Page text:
How to raise escargot for profit

Updated February 21, 2017

Escargot are snails cooked in butter and garlic, often served in their original shell. Prized as a gastronomic delight, escargot fetch high prices in restaurants and gourmet shops. Thanks to the demand for high-quality snail meat, the practice of raising snails for food, known as heliculture, holds great appeal as a commercial enterprise. One advantage to heliculture is that the product---live snails---may be initially acquired at little to no expense. However, successful heliculture requires a significant amount of time and energy.

Set up a fattening pen. Purchase or build a long, narrow trough, made from wood, concrete or metal, with sides at least 2 feet high and a screened roof to prevent snails from escaping. Fill it with at least 2 inches of fresh, non-acidic soil, kept slightly damp and loosely packed. Place the pen in a location protected from direct sunlight, wind and rain. The pen may be kept indoors or outdoors, provided the temperature remains mild and the humidity level is maintained at around 80 to 90 per cent. Plan for roughly six to eight adult snails per square foot of pen space.

Collect breeding stock. Gather live snails from gardens, lawns or any area with abundant vegetation. Ask local farmers and orchardists for permission to harvest snails from their fields and trees; they may be grateful for the opportunity to rid themselves of this menace to their crops. Live snails may also be purchased from breeders.

Keep the snails in the fattening pen and monitor their behaviour. Snails, which reproduce asexually, lay eggs in the soil. Remove the eggs carefully and place them in fresh, damp soil in a separate pen or wooden box and wait for them to hatch. Baby snails are fragile, so feed them a diet of lettuce and keep them separate from the adult snails until they are large enough to be returned to the fattening pen.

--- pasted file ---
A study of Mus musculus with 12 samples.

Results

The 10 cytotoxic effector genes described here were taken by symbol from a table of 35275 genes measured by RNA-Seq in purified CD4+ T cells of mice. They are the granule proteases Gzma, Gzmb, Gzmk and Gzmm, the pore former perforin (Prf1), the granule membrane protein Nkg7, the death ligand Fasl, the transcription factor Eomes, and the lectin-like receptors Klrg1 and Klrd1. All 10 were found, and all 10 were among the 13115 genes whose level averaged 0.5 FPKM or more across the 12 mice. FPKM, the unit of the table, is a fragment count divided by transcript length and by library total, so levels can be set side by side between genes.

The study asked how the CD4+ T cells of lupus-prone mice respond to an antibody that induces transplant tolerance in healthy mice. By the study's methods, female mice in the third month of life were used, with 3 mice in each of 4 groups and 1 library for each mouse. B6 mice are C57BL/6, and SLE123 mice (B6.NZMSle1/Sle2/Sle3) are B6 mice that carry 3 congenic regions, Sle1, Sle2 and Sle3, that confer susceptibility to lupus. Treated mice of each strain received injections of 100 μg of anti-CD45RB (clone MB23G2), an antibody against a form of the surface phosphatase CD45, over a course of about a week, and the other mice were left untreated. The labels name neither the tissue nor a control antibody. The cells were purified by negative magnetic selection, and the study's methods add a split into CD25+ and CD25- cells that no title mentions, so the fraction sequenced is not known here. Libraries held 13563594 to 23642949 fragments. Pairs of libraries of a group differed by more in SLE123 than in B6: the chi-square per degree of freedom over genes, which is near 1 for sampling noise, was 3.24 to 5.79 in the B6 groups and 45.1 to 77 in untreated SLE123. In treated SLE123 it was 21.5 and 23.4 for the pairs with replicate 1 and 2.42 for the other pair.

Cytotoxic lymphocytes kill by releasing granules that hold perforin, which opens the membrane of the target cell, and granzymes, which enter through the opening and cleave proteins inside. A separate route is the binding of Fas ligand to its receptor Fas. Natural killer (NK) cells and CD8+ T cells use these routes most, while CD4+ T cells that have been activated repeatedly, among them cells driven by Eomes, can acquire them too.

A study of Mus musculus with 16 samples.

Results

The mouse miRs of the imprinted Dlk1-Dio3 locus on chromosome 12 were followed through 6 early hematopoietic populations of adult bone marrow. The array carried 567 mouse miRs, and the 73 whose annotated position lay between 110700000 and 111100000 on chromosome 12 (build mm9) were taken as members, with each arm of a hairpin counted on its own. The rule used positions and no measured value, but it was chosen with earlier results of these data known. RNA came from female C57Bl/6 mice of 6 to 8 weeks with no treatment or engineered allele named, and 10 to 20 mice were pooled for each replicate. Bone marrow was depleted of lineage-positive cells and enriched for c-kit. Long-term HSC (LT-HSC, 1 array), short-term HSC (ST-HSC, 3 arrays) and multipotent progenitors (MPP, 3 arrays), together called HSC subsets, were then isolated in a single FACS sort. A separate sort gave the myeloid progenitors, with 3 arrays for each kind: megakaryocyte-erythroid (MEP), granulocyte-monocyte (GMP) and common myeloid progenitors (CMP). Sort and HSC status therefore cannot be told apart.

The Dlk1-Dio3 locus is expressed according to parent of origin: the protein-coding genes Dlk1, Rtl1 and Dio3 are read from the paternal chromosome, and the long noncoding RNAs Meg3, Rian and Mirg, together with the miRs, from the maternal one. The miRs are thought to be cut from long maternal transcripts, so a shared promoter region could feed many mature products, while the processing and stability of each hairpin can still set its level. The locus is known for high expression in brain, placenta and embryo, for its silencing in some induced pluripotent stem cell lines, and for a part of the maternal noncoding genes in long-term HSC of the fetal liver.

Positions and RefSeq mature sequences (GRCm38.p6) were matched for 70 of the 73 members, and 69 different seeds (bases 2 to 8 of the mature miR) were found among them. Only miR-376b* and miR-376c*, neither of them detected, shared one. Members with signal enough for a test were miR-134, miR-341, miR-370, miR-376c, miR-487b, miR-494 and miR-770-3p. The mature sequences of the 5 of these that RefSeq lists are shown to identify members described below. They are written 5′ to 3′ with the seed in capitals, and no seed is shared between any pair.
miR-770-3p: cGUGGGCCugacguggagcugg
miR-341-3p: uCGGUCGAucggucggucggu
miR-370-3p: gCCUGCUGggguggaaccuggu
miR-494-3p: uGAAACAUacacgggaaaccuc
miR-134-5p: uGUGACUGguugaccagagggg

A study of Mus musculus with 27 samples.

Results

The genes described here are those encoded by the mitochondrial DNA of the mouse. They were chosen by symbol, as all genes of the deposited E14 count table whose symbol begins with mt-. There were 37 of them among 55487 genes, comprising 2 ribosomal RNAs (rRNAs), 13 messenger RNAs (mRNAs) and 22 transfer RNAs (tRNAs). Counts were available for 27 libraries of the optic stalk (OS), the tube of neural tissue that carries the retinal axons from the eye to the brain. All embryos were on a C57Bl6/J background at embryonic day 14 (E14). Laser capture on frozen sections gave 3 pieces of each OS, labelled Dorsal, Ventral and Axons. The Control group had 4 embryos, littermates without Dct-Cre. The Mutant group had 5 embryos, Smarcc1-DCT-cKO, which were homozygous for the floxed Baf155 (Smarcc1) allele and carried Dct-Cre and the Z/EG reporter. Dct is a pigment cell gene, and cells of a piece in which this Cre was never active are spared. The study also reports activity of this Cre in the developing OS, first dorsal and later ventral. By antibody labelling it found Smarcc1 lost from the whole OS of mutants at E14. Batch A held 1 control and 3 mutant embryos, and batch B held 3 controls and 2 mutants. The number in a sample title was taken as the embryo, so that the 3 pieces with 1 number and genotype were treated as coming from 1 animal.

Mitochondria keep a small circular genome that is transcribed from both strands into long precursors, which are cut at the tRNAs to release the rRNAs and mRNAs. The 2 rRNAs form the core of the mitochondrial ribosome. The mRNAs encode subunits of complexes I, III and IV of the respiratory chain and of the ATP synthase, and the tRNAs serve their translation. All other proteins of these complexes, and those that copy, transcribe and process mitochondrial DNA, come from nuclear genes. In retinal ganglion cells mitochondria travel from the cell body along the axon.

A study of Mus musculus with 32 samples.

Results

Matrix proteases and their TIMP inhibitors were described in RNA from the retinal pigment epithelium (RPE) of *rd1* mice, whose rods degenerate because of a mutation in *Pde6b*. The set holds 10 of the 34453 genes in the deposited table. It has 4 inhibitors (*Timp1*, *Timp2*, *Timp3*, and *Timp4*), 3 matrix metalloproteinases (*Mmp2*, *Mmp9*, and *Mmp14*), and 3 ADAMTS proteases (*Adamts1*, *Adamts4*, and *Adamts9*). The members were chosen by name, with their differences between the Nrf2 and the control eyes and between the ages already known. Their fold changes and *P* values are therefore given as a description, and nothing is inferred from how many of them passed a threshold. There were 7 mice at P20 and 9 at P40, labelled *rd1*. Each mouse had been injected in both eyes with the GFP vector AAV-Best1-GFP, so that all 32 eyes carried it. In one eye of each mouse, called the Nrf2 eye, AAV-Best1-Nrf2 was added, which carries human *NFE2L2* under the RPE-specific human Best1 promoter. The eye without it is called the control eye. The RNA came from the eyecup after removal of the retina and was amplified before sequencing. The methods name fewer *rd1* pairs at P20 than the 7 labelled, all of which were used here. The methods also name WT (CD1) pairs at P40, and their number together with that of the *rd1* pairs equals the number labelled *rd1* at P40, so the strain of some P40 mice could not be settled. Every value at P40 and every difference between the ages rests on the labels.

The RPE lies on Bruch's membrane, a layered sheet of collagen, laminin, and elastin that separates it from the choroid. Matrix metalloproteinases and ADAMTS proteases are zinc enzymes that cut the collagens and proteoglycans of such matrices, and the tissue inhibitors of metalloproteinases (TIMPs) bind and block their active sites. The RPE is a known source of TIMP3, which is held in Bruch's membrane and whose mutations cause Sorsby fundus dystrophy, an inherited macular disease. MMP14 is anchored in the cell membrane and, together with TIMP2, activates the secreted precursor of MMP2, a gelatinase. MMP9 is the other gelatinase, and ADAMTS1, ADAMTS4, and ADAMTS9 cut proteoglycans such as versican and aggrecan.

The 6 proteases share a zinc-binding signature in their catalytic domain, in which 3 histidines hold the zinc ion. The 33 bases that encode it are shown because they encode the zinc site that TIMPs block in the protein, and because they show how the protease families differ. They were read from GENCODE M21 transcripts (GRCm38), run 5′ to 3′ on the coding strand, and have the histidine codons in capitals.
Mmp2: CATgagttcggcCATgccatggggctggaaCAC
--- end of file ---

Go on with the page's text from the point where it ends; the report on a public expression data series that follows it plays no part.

Feed adult snails a diet of vegetables, fruits, grains and grasses. Snails consume a wide variety of foods, so experiment to find out what combination of food works best. As the quality of the snail meat depends upon the quality of the food supply, keep a constant source of fresh vegetation available at all times and remove spoiled food from the pen promptly.

Sell only healthy, active snails. Store snails in containers with screened air holes and ship them in crates packed with ice to keep them cool and alive during transportation. Do not provide food for the snails during shipping. Alternately, sell pre-cooked and canned escargot.


Place live earthworms in the fattening pen. Earthworms help maintain clean soil by devouring waste materials and food scraps.


Snails collected in the wild are never safe to consume immediately as they may have ingested toxins from their environment. Feed newly-gathered snails an exclusive diet of lettuce and grains for a week, then deprive them of all food for another week before consuming to make sure all toxic remnants are purged from their digestive systems. A overcrowded snail pen increases the chances of diseases or bacteria developing. Make certain the snails have plenty of room to move around. As snails are considered an agricultural pest, some areas have strict restrictions against raising snails commercially. Contact your state's Agricultural Department for the regulations governing raising and shipping live snails in your area.

Things You'll Need

  • Trough
  • Screen
  • Soil
  • Live snails
  • Wooden boxes
  • Lettuce
  • Grains
  • Vegetables

Morgan Richter has a Bachelor of Fine Arts degree in screenwriting from the University of Southern California's School of Cinema-Television. Since 1999, she's written reviews and essays on pop culture topics for her personal website, "Preppies of the Apocalypse." Her novel, "Charlotte Dent", was a 2008 Semifinalist in the Amazon Breakthrough Novel Awards.